Directed by
Joachim Trier
109 minutes
Rated M

Reviewed by
Sharon Hurst
3.5 stars

Louder Than Bombs

Synopsis: Prominent war photographer Isabelle Reed (Isabelle Huppert) is killed in a car crash, leaving behind her husband Gene (Gabriel Byrne) and two sons. The younger, Conrad (Devin Druid), is not coping, escaping into violent video games and clashing with his father, while older married son, Jonah (Jesse Eisenberg), comes home to help his father organise a retrospective exhibition of his mother's work while grappling with recent fatherhood and his own marital issues. To make matters even more fraught, Isabelle’s journalist colleague (David Strathairn) is intending to publish an article which may reveal some skeletons in the family closet.

This intense family drama from Norwegian director Joachim Trier portrays a tried-and-true theme – that of a family coping with grief and the fraught interrelationships between parents and children, husbands and wives. There is much to recommend it but also a niggling feeling that not everything hangs together in a unified and satisfying whole.

It is refreshing to see Byrne playing a sensitive father more in tune with emotion than your typically removed screen dad. Gene is an actor who has switched to teaching so that he can be closer to his sons, but he is also a fragile and weak person grappling with his own grief, his need for new companionship, and his inability to connect to his sons or even manage the hostility he cops from Conrad. Byrne balances all this in a sensitive and nuanced performance. Similarly it is good to see Eisenberg, often a bland performer getting into a more emotionally-challenging role although I had reservations about aspects of his characterization and dialogue in terms of credibility. Young Druid as Conrad promises to be a formidable actor – he captures well the dysfunctionality of the child who cannot in any way confront his feelings. Finally Huppert, always a compelling actor and a sympathetic screen presence is strong in her role of a committed career woman trying to juggle family life with traipsing from one war-torn zone to another. While always confident in her work she is a more insecure person in her home life. Audiences will draw comparisons with the  character played by Juliette Binoche in last year's A Thousand Times Goodnight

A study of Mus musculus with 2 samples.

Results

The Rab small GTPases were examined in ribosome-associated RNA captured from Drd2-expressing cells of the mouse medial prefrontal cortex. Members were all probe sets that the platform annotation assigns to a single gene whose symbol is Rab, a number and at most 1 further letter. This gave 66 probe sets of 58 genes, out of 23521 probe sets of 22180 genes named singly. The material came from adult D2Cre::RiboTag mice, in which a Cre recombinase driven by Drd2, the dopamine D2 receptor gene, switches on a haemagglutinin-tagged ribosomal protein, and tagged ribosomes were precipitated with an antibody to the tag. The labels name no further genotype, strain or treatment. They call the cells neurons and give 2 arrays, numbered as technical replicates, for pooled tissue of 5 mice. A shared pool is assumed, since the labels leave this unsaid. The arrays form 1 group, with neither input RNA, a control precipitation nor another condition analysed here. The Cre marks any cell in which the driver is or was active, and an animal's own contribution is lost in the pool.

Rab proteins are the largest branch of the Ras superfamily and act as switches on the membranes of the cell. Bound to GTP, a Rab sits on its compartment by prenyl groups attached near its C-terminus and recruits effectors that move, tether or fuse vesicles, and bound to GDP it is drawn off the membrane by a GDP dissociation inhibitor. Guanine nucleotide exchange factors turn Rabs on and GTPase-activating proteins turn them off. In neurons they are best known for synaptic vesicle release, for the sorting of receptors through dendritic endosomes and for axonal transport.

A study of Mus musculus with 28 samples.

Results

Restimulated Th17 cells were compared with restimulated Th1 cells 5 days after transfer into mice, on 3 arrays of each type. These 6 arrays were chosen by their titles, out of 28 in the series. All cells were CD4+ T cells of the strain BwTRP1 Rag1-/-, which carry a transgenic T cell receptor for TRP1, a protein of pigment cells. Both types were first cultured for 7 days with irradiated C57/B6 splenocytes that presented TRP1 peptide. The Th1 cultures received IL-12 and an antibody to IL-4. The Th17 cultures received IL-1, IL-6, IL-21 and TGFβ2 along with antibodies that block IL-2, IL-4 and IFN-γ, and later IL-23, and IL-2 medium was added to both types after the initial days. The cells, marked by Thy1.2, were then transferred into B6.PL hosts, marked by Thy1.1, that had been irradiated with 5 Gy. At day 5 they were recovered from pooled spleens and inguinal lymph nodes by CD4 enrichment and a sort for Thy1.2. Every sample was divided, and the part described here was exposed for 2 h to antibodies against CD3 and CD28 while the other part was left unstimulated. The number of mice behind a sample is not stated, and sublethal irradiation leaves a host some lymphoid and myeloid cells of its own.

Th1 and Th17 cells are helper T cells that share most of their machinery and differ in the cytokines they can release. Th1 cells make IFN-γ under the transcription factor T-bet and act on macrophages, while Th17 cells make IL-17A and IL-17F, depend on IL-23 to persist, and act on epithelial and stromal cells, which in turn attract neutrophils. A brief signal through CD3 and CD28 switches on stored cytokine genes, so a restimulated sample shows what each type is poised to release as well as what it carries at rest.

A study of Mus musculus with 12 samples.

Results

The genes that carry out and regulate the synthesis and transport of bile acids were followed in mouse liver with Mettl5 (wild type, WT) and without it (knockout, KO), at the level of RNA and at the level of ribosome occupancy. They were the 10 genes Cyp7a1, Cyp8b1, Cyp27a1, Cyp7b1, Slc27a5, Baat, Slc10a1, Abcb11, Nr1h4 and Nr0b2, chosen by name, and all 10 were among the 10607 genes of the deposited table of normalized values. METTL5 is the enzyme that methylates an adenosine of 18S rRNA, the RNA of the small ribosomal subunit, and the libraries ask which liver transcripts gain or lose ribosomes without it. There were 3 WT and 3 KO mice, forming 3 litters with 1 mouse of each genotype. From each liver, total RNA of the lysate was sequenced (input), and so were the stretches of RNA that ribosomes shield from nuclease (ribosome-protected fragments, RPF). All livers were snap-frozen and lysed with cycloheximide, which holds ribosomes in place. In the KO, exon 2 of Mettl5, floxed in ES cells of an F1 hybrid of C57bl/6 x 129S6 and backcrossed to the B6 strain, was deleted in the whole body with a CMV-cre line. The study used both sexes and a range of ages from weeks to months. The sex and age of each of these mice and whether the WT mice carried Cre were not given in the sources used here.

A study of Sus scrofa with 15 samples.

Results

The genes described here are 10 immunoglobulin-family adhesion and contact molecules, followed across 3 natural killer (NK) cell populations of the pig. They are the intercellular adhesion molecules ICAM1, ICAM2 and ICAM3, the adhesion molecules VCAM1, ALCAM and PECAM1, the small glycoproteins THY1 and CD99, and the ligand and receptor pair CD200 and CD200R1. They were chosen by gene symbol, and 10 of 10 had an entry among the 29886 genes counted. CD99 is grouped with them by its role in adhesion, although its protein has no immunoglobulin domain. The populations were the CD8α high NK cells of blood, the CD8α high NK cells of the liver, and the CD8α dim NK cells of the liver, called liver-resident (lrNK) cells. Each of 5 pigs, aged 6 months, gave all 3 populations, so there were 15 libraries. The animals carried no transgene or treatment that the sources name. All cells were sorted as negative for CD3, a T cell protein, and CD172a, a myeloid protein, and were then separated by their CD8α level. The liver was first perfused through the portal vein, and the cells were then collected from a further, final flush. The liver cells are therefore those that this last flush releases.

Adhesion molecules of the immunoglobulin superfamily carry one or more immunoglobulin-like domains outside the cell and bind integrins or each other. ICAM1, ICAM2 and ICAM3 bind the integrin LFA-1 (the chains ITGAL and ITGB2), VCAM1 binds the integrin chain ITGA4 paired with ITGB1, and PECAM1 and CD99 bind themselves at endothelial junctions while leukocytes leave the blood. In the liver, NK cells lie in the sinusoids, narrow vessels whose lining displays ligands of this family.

Trier goes for the much-employed device of toggling between past and present to show us how each of the males related to Isabelle and also weaves characters’ dreams and memories into the narrative, giving us a sense of their inner workings. These scenes are shot in a poetic and dream-likea, stream -of-consciousness way, although at times this feels pretentious, seemingly at odds with the more pragmatic sensibility of the rest of the film, the result being an uneven tone.

Still photography also plays a big role in the film and the images used are powerful and moving, capturing the pain and trauma of war. There are also photos Gene finds on a lost SD card – photos of Isabelle in pensive mode, and revealing possibilities that she was going through her own inner pain of which her family were unaware.

Despite certain flaws and an unevenness in tone, the film, nominated for a Palme D’Or at Cannes, is a worthwhile and sensitive look at the process of grief and its relationship to family dynamics and memories.